Washington was home colony for Federals

Published 12:00 am Wednesday, February 6, 2008

On July 13, 1863, Natchez was officially occupied by federal troops.

The nearby town of Washington was also soon occupied by the Federals, and Jefferson College, which was located in Washington, was also occupied and the tenants of the school evicted by the occupying Federals.

However, the Federal occupation of Washington and Jefferson College was short-lived. By that August the Union troops were withdrawn to areas closer to Natchez in order to have the protection of their gunboats and the gunboats’ large cannons. The townspeople of Washington, though living only five miles from Natchez, were left virtually unprotected. In a time of war, this was a very frightening situation and Washington was slowly deserted by the population. By 1865, the town was deserted except for one white lady who still lived on her property.


Congress established the Bureau of Freedmen’s Affairs on March 2, 1865, and President Lincoln signed the bill into law that same day.

The purpose of the bureau was to bring aid to the freedmen (liberated enslaved people) by helping them find employment, homes and many other forms of relief. The bureau was also charged with locating facilities for the establishment of schools for educating freedmen on abandoned or confiscated properties.

However, before the creation of the governmental bureau many missionary societies and benevolent associations had already established freedmen’s schools.

By October 1865 the Bureau had placed 676 freedmen in residence in the town of Washington, of which 200 were wives and children of soldiers, and the town was designated by the bureau as a “home colony.” A portion of the freedmen lived in cabins built by the bureau and the rest resided in houses seized by the bureau.

The bureau had established other “home colonies” throughout Mississippi on lands abandoned by their owners and confiscated by the Federals. These colonies were meant to create small farms to aid the freedmen in obtaining self-sufficiency and becoming landowners.

Even before the creation of the Freedmen’s Bureau, The U. S. Treasury Department had, in the spring of 1864, adopted a set of regulations for the management of abandoned lands. These lands were to be distributed to freedmen for use as farms. In November 1864, Union General William T. Sherman issued Special Field Order No. 15 that gave 40 acres of land to freedmen from abandoned lands in South Carolina. In June 1865, Sherman also ordered that the freedmen be loaned some broken down army mules. Sherman surmised that the mules could do farm work, and that they could recuperate and be returned to active service. The freedmen by that time should have earned enough to buy their own mules.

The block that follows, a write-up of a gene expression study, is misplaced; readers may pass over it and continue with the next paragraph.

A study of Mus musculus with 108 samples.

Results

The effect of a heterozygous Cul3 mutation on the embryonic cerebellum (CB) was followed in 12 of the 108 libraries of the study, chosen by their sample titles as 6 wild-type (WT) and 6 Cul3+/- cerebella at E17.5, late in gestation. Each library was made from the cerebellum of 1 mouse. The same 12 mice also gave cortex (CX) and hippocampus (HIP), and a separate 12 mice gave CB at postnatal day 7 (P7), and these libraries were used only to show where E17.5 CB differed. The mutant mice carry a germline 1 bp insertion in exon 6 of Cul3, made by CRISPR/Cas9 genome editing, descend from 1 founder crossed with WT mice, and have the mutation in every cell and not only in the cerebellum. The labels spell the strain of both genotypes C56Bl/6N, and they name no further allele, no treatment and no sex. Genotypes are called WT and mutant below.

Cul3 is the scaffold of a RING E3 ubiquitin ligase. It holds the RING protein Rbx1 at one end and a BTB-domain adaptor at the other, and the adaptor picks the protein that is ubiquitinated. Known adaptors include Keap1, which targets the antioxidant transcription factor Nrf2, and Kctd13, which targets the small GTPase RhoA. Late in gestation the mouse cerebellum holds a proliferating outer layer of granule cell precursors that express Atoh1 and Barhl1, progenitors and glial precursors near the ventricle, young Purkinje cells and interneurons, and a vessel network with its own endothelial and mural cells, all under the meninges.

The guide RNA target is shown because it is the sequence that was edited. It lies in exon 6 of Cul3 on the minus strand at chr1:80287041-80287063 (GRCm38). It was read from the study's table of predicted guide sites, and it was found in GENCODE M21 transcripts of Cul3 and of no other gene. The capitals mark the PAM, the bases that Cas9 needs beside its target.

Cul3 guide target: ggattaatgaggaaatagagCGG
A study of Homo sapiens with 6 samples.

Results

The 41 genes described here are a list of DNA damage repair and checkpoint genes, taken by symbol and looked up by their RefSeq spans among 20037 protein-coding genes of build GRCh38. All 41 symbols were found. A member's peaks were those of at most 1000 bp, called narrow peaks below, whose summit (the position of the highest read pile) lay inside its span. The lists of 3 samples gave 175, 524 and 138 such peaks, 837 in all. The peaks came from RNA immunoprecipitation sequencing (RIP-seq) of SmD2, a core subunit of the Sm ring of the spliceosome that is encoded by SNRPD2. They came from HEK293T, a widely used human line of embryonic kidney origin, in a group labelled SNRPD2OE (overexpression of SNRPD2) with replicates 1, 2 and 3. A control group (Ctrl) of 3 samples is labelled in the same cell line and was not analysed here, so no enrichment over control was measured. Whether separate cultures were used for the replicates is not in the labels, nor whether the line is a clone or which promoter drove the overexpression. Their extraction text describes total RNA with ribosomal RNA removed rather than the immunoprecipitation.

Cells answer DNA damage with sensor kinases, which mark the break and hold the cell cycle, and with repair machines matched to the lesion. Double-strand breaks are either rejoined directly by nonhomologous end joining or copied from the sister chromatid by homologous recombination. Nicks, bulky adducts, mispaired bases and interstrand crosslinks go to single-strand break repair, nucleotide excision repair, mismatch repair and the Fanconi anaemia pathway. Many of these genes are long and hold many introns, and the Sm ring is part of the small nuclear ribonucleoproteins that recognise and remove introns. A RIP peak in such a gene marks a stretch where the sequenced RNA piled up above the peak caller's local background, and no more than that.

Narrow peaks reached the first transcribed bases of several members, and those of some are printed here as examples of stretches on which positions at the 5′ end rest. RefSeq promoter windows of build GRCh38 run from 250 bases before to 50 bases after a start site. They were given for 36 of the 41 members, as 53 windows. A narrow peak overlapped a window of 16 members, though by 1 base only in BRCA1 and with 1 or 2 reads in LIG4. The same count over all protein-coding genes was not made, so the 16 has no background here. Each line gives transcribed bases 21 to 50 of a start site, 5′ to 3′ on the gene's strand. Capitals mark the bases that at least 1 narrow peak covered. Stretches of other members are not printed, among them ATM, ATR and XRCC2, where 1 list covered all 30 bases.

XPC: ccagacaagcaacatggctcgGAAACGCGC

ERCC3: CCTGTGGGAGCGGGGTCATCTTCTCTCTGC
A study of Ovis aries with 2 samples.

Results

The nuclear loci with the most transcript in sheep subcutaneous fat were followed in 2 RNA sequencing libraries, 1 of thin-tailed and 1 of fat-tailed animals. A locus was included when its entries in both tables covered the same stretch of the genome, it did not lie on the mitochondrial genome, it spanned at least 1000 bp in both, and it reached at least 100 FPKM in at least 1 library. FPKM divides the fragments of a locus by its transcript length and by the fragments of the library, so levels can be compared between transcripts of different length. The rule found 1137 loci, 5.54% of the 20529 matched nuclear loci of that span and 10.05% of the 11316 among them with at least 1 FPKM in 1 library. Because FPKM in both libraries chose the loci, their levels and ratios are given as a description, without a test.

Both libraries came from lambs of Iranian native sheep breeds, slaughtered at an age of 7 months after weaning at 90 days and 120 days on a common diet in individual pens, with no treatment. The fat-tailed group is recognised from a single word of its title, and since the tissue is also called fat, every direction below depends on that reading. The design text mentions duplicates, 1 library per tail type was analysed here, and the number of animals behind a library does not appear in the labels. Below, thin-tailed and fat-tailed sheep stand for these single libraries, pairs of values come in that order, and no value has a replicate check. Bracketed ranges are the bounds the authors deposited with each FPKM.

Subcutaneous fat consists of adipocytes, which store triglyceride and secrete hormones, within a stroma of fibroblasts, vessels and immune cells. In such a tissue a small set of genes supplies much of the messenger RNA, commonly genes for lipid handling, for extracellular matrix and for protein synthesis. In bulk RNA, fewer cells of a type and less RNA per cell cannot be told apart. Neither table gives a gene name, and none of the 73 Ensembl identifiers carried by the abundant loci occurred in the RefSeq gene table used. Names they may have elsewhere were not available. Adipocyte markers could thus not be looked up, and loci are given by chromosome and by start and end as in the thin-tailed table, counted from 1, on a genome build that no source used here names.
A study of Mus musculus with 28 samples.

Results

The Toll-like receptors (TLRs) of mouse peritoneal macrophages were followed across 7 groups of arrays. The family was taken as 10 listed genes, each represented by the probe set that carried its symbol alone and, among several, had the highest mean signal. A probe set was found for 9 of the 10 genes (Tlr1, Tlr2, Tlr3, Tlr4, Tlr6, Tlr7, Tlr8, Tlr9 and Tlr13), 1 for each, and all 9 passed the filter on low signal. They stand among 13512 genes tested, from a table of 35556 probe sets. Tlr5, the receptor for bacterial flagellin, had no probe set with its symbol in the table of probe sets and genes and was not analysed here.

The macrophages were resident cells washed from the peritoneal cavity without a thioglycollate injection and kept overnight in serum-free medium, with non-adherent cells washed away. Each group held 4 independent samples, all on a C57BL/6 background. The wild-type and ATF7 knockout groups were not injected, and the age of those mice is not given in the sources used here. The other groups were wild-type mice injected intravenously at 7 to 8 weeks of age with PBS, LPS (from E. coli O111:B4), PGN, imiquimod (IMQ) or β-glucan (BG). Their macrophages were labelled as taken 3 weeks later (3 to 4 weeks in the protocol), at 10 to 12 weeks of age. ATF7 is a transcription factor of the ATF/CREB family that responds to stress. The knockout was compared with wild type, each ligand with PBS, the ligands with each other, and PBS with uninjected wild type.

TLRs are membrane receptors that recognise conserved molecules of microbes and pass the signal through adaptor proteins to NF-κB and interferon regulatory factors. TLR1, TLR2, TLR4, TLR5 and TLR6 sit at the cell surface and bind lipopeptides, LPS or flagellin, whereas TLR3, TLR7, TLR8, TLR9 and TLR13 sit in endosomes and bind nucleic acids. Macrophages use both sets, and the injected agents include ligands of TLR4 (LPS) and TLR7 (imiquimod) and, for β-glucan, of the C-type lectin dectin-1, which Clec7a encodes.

Many freedmen expected to receive 40 acres and a mule to help them start a new life. The expression “40 acres and a mule” became a rallying cry for many of them. Historians disagree on how this rallying cry started but a good case for its origin can be made for Sherman’s Special Order No. 15, and the subsequent lending of army mules to the freedmen.

These experiments in establishing colonies for the freedmen failed because Congress failed to recognize the full scope of the needs faced by an overwhelming number of freedmen. Added to this was the apathy of white southerners for the freedmen to own land. Finally, with Andrew Johnson becoming President, after the death of Abraham Lincoln in April 1865, the bureau lost its support of the President. President Johnson started a policy of granting former Confederates full pardons and restoring their properties which made lands less available for the purposes of the Freedmen’s Bureau.

In the town of Washington one the first properties to be returned to its original owners was Jefferson College. It was officially returned to the Jefferson College board of trustees on Nov. 1, 1865. Subsequently all the confiscated properties in the town were returned to their original white owners and the Washington Home Colony ceased to exist.

President Johnson, in 1866, twice vetoed a bill to extend the Freedmen’s Bureau, but Congress overrode his second veto. Congress, in July 1868, withdrew the bureau from several states, and its operations, with the exception of education, were discontinued on January 1, 1869. The bureau was officially dissolved in 1872.

The Freedmen’s Bureau was founded to try and aid the newly liberated enslaved people. It helped many African American of that period start their quest for education. Several of the universities established by the Bureau such as Lincoln University in Jefferson City, Mo., Fisk University in Nashville, Tenn., and Howard University in Washington, D.C., still exist today. However, in their work to help the freedmen obtain financial independence it failed miserably. Not through any real fault of their own but because of the political climate that developed with the death of Abraham Lincoln. It is one of the biggest “what if” questions of American history. For if the bureau had been allowed to fulfill their mission to establish economic independence for the freedmen the path of American history after that period may have been completely different.

Clark Burkett is a historian at Historic Jefferson College. He writes a monthly historical column for The Democrat.